A news item Friday caught my attention – a coyote had been caught wandering around downtown Boston. I wasn’t particularly surprised. Their numbers have been increasing drastically, and in the areas outside of town, sightings are commonplace.
What did pique my interest is that all the news reports dutifully referred to the animal as a coyote.
To be sure, there is such a thing as the Eastern Coyote that has inhabited New England since the 1930s. Over time, they have become bigger, more powerful predators than their scrawnier Western Coyote cousins. Researchers say that the abundance of food, and bigger game such as deer, accounts for some of the difference
Recent genetic research has added a new twist.
Most of the animals we’re calling coyotes are in fact a hybrid resulting from the mating of the eastern wolf and the eastern coyote. The resulting animal is bigger, more powerful, and more aggressive than either the wolf or the coyote.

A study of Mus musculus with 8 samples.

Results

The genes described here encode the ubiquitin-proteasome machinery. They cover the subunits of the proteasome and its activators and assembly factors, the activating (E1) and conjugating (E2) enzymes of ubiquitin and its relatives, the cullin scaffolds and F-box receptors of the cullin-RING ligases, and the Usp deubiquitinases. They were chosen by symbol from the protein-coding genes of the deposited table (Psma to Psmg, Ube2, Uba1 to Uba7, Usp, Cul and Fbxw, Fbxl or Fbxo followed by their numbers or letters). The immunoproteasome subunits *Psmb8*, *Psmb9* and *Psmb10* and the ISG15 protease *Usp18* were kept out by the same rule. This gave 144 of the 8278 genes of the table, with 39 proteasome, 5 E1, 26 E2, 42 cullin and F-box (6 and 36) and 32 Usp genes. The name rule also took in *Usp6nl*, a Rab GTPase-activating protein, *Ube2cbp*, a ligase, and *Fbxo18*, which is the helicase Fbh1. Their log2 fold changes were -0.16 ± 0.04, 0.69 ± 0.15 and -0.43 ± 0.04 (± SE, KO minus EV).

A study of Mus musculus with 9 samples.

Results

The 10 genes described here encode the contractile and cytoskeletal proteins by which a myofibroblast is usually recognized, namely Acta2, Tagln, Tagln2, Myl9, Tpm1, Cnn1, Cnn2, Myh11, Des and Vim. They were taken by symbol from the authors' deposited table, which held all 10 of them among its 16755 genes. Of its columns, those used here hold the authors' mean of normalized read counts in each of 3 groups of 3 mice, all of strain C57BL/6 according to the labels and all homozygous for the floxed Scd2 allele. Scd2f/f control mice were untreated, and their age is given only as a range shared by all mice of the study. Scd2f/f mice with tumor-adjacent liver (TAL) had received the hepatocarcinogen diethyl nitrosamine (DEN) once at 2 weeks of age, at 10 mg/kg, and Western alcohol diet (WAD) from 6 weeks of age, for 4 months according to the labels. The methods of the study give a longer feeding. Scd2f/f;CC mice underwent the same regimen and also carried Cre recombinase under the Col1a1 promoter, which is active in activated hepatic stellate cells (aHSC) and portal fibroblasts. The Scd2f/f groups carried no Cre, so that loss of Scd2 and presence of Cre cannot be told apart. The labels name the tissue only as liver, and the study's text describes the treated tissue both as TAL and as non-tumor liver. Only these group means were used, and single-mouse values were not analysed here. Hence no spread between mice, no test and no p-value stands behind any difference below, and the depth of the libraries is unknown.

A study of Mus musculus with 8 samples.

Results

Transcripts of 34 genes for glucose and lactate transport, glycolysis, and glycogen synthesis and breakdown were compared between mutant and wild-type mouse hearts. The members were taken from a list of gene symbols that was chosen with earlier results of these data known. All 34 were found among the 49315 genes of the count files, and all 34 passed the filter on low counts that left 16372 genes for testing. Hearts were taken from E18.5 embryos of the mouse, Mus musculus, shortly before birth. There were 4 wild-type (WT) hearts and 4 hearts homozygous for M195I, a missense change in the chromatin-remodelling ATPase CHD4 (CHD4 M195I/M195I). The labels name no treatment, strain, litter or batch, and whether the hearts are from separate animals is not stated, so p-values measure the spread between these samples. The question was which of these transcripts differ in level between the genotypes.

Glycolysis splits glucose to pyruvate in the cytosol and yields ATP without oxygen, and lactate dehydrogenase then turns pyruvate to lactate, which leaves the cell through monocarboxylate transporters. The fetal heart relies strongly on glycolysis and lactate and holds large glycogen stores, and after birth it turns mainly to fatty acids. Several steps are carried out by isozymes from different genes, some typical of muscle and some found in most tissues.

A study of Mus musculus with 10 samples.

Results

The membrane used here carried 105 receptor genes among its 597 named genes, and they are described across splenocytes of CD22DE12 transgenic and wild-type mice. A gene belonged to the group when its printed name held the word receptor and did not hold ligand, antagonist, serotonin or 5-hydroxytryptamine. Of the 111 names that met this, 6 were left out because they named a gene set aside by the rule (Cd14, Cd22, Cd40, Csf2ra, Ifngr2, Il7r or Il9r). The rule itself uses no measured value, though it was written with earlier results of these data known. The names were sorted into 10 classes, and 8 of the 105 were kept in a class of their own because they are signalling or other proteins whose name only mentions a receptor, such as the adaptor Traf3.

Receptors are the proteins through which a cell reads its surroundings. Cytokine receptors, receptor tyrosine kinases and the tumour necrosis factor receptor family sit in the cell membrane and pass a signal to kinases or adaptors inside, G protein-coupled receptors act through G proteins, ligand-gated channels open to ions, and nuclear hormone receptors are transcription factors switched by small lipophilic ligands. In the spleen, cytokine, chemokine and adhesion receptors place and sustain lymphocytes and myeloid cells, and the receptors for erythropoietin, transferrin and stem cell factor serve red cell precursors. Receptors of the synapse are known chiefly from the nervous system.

The name “coydog,” which still persists in some places, apparently comes from the mistaken notion that this hybrid is a result of mating between domestic dogs and coyotes. While such mating is possible and has been accomplished in captivity, it is unlikely in the wild, according to researchers, because of differing fertility cycles.
Maybe it’s time for a name change, to help recognize the animal for what it is. There is a website dedicated to this, full of interesting information about the coywolf:
As for the Mass. Dept. of Fisheries and Wildlife, they have not addressed the name issue, calling these animals coyotes, with no mention of coywolf in their literature.
And as for the hapless Boston coyote/coywolf, it was captured, tagged, and released into the woods of Westboro.